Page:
Gunpoint on Linux, Argentina's game dev scene, and more

Register or Login to like
Register or Login to like
This week in open source games

Open source games roundup

Week of August 17 - 23, 2014

After stumbling through a three-day fever this week—during which I couldn't even play video games—I spent some time planning my new gaming rig. I'm thinking of trying out this fun little mini-ITX case with a water-cooling kit. Wish me luck!

In this week's edition of our open source games news roundup, we take a look at the Linux beta of the super fun Gunpoint, Argentina's game dev scene, and more speculation on the Steam Controller.

Gunpoint beta for Linux released

This stealth-based puzzly-platformy-hacky-punchy game (that's a genre, right?) was released in 2013 to some pretty widespread acclaim, but—big surprise—was only available for Windows. The developer of the game, Tom Francis, promised OS X and Linux ports, but with no concrete timeline. Well, they're here and they're ready for testing. Francis recommends that people wait for the beta period to end before buying the game, but, hey, Linux users know what betas are, right? The game is a blast, and you'll only be helping make it better.

Linux game development in Argentina

Buenos Aires

creative commons licensed ( BY-NC-SA ) flickr photo shared by LGBuriola

A writer calling himself Segata Sanshiro, which is either a great nom de plume or the Sega stalwart survived his encounter with the enemy missile and is trying to re-join the games industry—is moving to Argentina. He's started up a weekly feature on Linux game developers throughout the world, and takes a look at the history of the industry in and around Buenos Aires, as well as companies like Senscape, 3f Interactive, and Saibot Studios. Check out the article over at GamingOnLinux.

Still don't grok the Steam Controller?

Steam Controller

It's like your standard Xbox controller, right? Except... what's with the trackpads? Does it have a thumbpad, too? How is this thing going to work? If you're not one of the lucky few who's gotten a chance to get your hands on the Steam Controller, it's a bit mysterious, but Styromaniac at GamingOnLinux has a breakdown for you:

"Valve's aim was to allow both M+K [mouse and keyboard] and console controls to work on their controller, because not all PC games feature console controller support. The end result is taking more PC titles to the big TV and couch, which was Valve's goal all along."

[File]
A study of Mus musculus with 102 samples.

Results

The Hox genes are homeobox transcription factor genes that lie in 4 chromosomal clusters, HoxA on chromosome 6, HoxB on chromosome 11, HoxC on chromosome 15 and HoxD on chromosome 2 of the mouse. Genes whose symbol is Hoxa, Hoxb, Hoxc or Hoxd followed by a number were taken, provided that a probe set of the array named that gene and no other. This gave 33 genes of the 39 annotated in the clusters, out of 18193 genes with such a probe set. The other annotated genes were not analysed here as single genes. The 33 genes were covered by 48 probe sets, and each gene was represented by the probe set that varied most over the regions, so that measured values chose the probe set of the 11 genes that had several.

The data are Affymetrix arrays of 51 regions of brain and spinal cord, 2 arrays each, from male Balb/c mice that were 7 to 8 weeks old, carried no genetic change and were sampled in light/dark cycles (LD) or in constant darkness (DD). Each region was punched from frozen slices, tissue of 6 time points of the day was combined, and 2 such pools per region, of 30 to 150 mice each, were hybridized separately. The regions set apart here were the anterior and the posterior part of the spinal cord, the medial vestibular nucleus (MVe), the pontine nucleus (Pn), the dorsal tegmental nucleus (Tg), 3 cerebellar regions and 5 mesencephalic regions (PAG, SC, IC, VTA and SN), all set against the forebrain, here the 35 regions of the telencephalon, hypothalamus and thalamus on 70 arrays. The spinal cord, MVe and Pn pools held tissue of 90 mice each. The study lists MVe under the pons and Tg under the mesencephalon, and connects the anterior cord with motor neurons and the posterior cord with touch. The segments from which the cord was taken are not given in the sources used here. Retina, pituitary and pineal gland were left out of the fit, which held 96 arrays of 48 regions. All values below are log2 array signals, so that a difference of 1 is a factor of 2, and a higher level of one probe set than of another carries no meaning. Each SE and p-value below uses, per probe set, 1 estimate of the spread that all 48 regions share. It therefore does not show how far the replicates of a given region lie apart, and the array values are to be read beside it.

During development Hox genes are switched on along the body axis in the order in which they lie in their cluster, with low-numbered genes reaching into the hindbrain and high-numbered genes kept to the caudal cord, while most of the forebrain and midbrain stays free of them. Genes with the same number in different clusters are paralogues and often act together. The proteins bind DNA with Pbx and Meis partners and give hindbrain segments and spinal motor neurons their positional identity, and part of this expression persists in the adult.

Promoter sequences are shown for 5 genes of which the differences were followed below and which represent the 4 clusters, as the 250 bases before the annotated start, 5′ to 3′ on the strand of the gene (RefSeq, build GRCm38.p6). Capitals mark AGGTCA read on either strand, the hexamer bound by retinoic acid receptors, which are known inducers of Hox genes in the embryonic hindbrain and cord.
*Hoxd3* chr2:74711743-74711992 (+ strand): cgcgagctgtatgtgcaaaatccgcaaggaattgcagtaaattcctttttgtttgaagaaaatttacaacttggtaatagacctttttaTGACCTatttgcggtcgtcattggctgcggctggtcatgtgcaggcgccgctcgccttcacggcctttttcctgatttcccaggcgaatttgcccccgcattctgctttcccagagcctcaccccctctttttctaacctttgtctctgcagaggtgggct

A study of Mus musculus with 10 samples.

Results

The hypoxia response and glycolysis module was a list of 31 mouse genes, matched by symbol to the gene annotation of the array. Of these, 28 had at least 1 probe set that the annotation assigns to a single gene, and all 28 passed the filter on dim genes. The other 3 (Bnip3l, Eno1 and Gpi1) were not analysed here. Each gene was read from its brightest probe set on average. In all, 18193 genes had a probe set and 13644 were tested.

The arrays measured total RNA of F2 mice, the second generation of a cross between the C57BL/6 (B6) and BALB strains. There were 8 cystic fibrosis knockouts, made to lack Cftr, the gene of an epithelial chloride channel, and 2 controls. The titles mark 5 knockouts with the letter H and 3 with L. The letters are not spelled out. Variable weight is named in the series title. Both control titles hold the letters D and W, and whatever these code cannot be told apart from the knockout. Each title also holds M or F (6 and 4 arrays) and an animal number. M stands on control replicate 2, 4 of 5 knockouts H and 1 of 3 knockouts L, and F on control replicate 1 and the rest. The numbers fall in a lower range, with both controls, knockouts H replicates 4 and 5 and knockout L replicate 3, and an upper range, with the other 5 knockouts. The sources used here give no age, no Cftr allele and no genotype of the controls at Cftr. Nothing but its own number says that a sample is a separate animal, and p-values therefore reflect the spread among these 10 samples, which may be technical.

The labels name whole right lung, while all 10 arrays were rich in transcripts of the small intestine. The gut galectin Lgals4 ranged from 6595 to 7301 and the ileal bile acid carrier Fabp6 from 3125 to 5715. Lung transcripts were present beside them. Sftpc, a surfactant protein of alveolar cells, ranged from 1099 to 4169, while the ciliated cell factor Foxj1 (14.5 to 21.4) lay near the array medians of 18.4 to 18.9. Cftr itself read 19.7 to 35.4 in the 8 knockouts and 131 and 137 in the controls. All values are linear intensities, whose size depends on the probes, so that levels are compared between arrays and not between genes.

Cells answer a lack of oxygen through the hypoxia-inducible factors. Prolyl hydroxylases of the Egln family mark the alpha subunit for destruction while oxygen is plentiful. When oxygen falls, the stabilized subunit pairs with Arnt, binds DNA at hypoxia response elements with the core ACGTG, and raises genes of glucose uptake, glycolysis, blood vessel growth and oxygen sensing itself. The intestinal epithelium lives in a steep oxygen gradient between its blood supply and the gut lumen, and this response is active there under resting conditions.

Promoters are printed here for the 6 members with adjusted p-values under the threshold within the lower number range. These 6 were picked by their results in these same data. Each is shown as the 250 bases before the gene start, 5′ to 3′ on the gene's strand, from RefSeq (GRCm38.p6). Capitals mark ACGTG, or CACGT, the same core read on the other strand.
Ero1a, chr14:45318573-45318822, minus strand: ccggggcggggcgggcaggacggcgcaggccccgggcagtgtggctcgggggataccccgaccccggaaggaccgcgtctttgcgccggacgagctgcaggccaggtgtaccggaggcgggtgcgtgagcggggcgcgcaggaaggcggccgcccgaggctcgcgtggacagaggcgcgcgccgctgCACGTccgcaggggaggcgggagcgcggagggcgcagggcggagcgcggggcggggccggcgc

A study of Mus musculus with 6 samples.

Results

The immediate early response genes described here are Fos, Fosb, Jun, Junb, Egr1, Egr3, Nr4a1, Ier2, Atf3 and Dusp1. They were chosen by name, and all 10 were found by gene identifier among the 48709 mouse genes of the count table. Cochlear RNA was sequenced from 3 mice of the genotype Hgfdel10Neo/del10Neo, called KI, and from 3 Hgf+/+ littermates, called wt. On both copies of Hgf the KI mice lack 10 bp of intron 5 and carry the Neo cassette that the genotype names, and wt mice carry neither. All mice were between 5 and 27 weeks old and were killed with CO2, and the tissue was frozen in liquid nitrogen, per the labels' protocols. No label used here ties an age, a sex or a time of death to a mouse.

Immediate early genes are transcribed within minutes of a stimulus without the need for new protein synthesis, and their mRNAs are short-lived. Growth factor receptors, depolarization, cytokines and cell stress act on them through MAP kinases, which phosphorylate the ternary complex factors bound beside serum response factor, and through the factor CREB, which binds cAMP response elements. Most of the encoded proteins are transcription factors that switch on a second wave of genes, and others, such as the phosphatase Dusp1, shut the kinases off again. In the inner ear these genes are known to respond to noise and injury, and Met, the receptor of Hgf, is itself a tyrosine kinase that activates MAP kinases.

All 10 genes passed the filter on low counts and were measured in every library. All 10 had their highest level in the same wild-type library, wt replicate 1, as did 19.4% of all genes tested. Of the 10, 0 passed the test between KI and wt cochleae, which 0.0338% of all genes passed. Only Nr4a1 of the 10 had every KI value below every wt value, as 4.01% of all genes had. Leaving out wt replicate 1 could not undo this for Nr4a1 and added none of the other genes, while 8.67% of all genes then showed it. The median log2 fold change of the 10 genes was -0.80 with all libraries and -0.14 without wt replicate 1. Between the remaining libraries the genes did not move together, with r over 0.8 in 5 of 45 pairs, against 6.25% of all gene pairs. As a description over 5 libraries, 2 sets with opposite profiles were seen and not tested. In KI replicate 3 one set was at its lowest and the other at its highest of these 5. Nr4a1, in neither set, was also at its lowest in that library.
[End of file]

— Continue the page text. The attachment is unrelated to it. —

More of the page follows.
So according to this writer, the whole reason behind the touchpads is so Valve can enable controller support within games where the developers haven't hard-coded it? Hmm. Not sure I'm on board with that one. A less-than-ideal control scheme seems like the last thing Valve wants to introduce to Big Picture mode.

What do you think? Let us know in the comments!

Did we miss something in our roundup? Follow on Twitter for up-to-the-minute news on everything open source. If you have any news you'd like to submit, shoot us an email through our contact form or reach out to me directly on my personal Twitter account.

Michael an unrepentant geek with a love for games, the social web, and open source projects to share with his kids. He writes about raising geek children at GeekDad and records a podcast about games called The Dice Section. You can follow him on Twitter at @oldbie.


You missed a link in the controller bit.

I think the controller idea is great. Right now I have to use external apps to intercept my gamepad signal and interpret them as keyboard and mouse for a game that "forgot" to provide gamepad support. This is lame.

Give me a good controller and let me forego the keyboard and mouse. I WANT a Steam system I can control with nothing but a controller!

Agreed! Some games handle controllers really well, and others require clunky middleware. If anyone can find a way to introduce solid controller support to games that don't ship with it, it's Valve. But I'd still prefer the developers of said game to think about controller support instead of having it tacked on at the end...

In reply to by Sevis (not verified)

Creative Commons LicenseThis work is licensed under a Creative Commons Attribution-Share Alike 4.0 International License.